On the anniversary of Ukraine’s Euromaidan protests of 2013 and 2014, Ukrainians took to the streets once again to demand the resignation of President Petro Poroshenko, the Kiev Post reports. The recent wave of anti-Poroshenko protests has been growing since October 2017, according to Newsweek. As combat with Russia in Ukraine’s eastern provinces of Donetsk and Luhansk has reached a standstill with little promise of resolution, veterans have become key drivers of dissidence in the growing anti-corruption movement, Newsweek finds.
Although Poroshenko’s government successfully ratified the Ukraine-European Union Association Agreement following former pro-Russian President Viktor Yanukovych’s failure to do so, many believe that Poroshenko has not distanced himself enough from the former president and his preference for the oligarchic order, as found in Reuters. Demonstrators demand an end to the permissive attitude towards corruption, which, as Newsweek reports, includes laws that offer immunity to state legislators.
Furthermore, long-standing tensions between the people and Poroshenko are exacerbated by the rise of former Georgian President Mikheil Saakashvili in opposition to Poroshenko. Saakashvili served as president of Georgia from the 2003 Rose Revolution until his ouster in 2013, when Poroshenko granted him Ukrainian citizenship and a governing position in Odessa, noted the Guardian. However, Saakashvili’s growing disillusionment with Poroshenko’s perceived progressiveness inspired the creation of a new opposition party, the Movement of New Forces.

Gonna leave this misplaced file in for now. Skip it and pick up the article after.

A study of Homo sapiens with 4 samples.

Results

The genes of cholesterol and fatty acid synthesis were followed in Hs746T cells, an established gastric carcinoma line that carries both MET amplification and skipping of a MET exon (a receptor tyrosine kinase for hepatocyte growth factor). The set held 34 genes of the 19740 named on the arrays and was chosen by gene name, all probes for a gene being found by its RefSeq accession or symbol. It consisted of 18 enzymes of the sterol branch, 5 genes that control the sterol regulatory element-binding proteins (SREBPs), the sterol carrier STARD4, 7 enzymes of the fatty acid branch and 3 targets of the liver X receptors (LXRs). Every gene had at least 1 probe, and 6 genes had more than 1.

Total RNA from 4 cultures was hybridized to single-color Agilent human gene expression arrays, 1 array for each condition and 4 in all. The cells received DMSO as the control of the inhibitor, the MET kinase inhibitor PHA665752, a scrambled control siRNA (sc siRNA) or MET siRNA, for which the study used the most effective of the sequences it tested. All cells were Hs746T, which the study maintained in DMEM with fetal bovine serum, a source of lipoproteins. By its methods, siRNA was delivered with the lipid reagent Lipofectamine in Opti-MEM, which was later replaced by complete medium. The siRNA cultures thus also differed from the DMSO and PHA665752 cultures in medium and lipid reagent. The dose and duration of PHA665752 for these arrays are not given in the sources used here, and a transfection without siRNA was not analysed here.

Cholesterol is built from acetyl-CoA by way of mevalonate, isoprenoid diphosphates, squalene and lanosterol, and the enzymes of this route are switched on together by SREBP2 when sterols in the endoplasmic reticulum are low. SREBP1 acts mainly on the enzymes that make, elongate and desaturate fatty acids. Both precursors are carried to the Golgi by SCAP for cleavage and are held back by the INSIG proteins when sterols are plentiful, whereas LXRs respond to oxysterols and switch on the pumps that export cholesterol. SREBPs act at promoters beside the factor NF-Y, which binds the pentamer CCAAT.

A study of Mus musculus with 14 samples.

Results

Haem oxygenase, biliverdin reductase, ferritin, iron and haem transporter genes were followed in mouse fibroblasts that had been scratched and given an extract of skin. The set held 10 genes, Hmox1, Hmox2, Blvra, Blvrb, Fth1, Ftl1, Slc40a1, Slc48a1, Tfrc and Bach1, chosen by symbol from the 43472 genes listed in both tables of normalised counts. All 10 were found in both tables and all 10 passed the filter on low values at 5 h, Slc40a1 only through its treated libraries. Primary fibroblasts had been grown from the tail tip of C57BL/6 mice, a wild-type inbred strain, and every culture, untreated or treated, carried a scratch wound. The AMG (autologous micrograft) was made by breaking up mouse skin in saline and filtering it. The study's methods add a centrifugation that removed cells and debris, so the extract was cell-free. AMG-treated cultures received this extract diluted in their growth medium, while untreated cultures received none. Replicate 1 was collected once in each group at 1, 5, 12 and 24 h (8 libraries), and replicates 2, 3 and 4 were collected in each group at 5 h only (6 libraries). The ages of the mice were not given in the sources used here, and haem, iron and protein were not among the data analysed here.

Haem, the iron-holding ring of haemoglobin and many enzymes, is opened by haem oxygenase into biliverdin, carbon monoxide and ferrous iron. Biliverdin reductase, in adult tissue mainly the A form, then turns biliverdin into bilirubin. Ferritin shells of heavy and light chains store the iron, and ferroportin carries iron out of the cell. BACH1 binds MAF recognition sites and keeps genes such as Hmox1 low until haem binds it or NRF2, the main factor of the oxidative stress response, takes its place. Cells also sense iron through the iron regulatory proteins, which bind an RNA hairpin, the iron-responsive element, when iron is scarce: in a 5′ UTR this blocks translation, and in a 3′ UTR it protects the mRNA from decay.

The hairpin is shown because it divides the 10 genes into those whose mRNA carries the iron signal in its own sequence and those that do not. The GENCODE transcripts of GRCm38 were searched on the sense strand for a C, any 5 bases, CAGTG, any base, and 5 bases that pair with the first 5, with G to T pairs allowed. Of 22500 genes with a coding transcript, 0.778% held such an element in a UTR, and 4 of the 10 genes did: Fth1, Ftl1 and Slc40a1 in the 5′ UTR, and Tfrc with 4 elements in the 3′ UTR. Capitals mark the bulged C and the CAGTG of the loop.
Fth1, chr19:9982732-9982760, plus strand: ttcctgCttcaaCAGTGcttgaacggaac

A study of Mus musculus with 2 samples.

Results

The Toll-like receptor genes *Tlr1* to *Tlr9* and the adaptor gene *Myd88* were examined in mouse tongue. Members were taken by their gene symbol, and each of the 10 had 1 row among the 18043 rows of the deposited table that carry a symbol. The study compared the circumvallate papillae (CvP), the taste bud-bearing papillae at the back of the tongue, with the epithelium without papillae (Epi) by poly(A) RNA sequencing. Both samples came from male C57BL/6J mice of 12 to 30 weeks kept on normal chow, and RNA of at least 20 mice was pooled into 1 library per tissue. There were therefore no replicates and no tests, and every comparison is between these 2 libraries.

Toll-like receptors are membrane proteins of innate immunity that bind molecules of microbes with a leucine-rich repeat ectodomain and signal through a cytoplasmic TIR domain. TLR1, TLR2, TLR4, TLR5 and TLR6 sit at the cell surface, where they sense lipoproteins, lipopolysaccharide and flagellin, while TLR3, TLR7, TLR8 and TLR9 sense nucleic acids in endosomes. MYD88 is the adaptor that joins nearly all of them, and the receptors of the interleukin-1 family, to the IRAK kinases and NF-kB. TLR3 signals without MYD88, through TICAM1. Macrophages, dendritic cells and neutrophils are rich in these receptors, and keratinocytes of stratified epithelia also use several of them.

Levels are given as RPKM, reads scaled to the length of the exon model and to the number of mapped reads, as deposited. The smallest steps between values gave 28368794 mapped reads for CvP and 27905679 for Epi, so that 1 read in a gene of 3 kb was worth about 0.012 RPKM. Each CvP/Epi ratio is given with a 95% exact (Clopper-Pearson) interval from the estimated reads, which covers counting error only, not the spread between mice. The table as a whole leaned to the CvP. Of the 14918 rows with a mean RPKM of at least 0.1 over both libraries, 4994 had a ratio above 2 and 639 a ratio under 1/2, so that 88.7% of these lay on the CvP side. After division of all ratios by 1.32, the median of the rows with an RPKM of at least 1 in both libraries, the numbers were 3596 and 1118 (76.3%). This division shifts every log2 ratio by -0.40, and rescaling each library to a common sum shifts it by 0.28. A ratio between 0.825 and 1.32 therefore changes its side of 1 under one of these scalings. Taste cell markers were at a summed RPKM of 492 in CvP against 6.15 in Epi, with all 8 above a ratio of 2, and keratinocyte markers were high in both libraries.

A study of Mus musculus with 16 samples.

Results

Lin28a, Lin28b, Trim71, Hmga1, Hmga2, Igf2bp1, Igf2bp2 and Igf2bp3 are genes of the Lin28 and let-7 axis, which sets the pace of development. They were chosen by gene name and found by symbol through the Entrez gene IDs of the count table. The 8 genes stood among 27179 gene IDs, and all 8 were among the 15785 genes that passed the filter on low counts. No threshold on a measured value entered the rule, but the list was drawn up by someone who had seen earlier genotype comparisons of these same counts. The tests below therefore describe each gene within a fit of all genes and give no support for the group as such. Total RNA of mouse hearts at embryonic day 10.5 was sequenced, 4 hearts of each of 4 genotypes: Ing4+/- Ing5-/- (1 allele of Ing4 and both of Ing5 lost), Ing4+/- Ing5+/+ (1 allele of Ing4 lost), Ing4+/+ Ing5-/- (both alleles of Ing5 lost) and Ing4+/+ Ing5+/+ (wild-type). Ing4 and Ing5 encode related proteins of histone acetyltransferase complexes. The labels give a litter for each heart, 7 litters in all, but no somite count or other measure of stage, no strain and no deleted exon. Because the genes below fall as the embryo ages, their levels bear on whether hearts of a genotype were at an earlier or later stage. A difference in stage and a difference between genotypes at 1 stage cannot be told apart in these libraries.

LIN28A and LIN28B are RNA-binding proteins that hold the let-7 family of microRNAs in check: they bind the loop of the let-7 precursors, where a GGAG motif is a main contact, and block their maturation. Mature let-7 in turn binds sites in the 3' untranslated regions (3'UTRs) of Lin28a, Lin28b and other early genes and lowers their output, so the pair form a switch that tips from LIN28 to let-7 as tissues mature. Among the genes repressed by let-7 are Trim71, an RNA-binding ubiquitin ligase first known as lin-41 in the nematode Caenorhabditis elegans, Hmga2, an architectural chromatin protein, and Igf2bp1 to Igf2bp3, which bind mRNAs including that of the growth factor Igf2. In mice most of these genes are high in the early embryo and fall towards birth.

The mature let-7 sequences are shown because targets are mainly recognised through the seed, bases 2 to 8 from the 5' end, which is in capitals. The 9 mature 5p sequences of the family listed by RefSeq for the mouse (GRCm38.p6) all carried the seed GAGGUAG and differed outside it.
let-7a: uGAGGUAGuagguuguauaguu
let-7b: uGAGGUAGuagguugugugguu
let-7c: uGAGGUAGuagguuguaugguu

The Guardian reports that, in recent months, the former president- turned-regional governor has attracted significant media attention with his dramatic escape from Ukrainian authorities after organizing a protest in December. Additionally, allegations leveled against him claim that his display of dissidence is funded by the Russian government, which has made him a suspect in the eyes of the authorities, reports Reuters. However, despite Saakashvili’s large presence in the public eye as a rallying point against corruption, popular support for Movement of New Forces remains below two percent.
Saakashvili and Yuriy Derevyanko, an official of his new political party, spoke at the rally. Derevyanko challenged Poroshenko to come to the main square, Maidan Nezalezhnosti, and declare his resignation by February 18 or risk impeachment, according to the Kiev Post. Saakashvili added to the call with a promise to deliver a list of potential new ministers and presidential candidates by the deadline. The Kiev Post reports that Saakashvili’s followers, who were among the thousands who protested on February 4, are frustrated with the lack of progress in corruption reform and rapprochement with the West promised to the Ukrainian population nearly four years ago.
The Guardian reported that increased efforts by the National Guard to control the protests have only inflamed tensions. Saakashvili accuses Poroshenko of “trying to get rid of a loud voice telling them they are thieves” and his allies in government of obstructing democratic protest. The main square was blocked by authorities on the grounds of another protest held regarding registration rates of European Union license plates. Saakashvili and his followers believe this and the recent installation of metal structures bearing the Ukrainian flag to be an invention of Poroshenko’s allies, such as Oleh Yaroshevych, who led the obstructive protest. According to the Kiev Post, regardless of these efforts it is clear that protests will persist, with the next large demonstration scheduled for Sunday, February 18.